A metaphorical victory party is being held across the industry currently (or a real victory party, what do we know?) to celebrate the NSW state government’s decision to retain the Hairdressers Act 2003. Removing the legislation would have eliminated the requirement for hairdressers to hold a qualification – a decision many felt would tarnish the integrity of the industry.
The Australian Worker’s Union (AWU) and the Australian Hairdressing Council (AHC) were wholly against the repeal, and worked to unite the industry in fighting the change. As such, the AHC launched a massive lobbying campaign to keep the legislation intact, creating videos and a survey through which hairdressers could have their say, all of which was shared hundreds of times on social media.
“Currently, the Act states that to do hairdressing you must be a hairdresser or an apprentice. If the Act is repealed then anyone can state that they are a hairdresser. We need to protect the credibility of our profession and also protect consumers from entering a salon and having someone do their hair with absolutely no qualifications whatsoever,” the call-out read.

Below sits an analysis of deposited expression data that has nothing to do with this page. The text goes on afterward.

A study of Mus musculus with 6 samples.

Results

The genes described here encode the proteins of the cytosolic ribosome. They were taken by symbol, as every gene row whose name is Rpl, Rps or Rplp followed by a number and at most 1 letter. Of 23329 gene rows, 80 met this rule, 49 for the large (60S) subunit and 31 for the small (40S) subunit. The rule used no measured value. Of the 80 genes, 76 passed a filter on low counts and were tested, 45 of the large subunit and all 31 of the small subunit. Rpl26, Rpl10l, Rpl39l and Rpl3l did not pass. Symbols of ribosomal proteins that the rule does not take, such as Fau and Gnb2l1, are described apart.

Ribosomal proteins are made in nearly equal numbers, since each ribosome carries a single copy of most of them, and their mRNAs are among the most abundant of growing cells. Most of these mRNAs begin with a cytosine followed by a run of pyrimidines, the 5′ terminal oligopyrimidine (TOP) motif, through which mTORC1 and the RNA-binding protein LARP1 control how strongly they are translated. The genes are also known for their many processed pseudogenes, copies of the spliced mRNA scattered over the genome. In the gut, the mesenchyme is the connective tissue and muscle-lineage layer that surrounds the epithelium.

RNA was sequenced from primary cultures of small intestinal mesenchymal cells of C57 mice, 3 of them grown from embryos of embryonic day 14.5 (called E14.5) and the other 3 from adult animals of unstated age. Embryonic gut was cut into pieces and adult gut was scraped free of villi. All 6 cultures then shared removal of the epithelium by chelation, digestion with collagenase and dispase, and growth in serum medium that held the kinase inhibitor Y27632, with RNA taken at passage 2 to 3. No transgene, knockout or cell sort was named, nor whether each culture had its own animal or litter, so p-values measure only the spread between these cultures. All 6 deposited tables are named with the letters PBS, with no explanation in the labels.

As such, the decision to leave the legislation alone has been met with borderline-euphoria. “The AHC is very happy with the result and the amount of feedback we received shows that the industry does want to protect the credibility of our industry and safety of our consumers,” AHC CEO Sandy Chong said.
The state government’s choice to keep the legislation was actually juxtaposed to the options laid out in its own discussion paper, which called to either retain and update the act, or repeal it entirely. These options were clearly made redundant by the consensus of the industry.
“The government issued a discussion paper canvassing reform options regarding the Hairdressers Act, one of which was repealing the act,” Minister for Innovation and Better Regulation, Victor Dominello told Fairfax Media. “The government has listened to the concerns of stakeholders and taken the decision to retain the act in its current form. There was overwhelming feedback to retain the act. Given the concerns raised, rather than delay the process, we have decided to provide stakeholders with certainty regarding the act.”
The act itself states that professional hairdressers must hold at least a Certificate III in hairdressing, with exemptions only allowed for apprentices training under qualified professionals.
The hairdressing community rallied to protect the sanctity of the industry – it doesn’t get much more inspirational than that.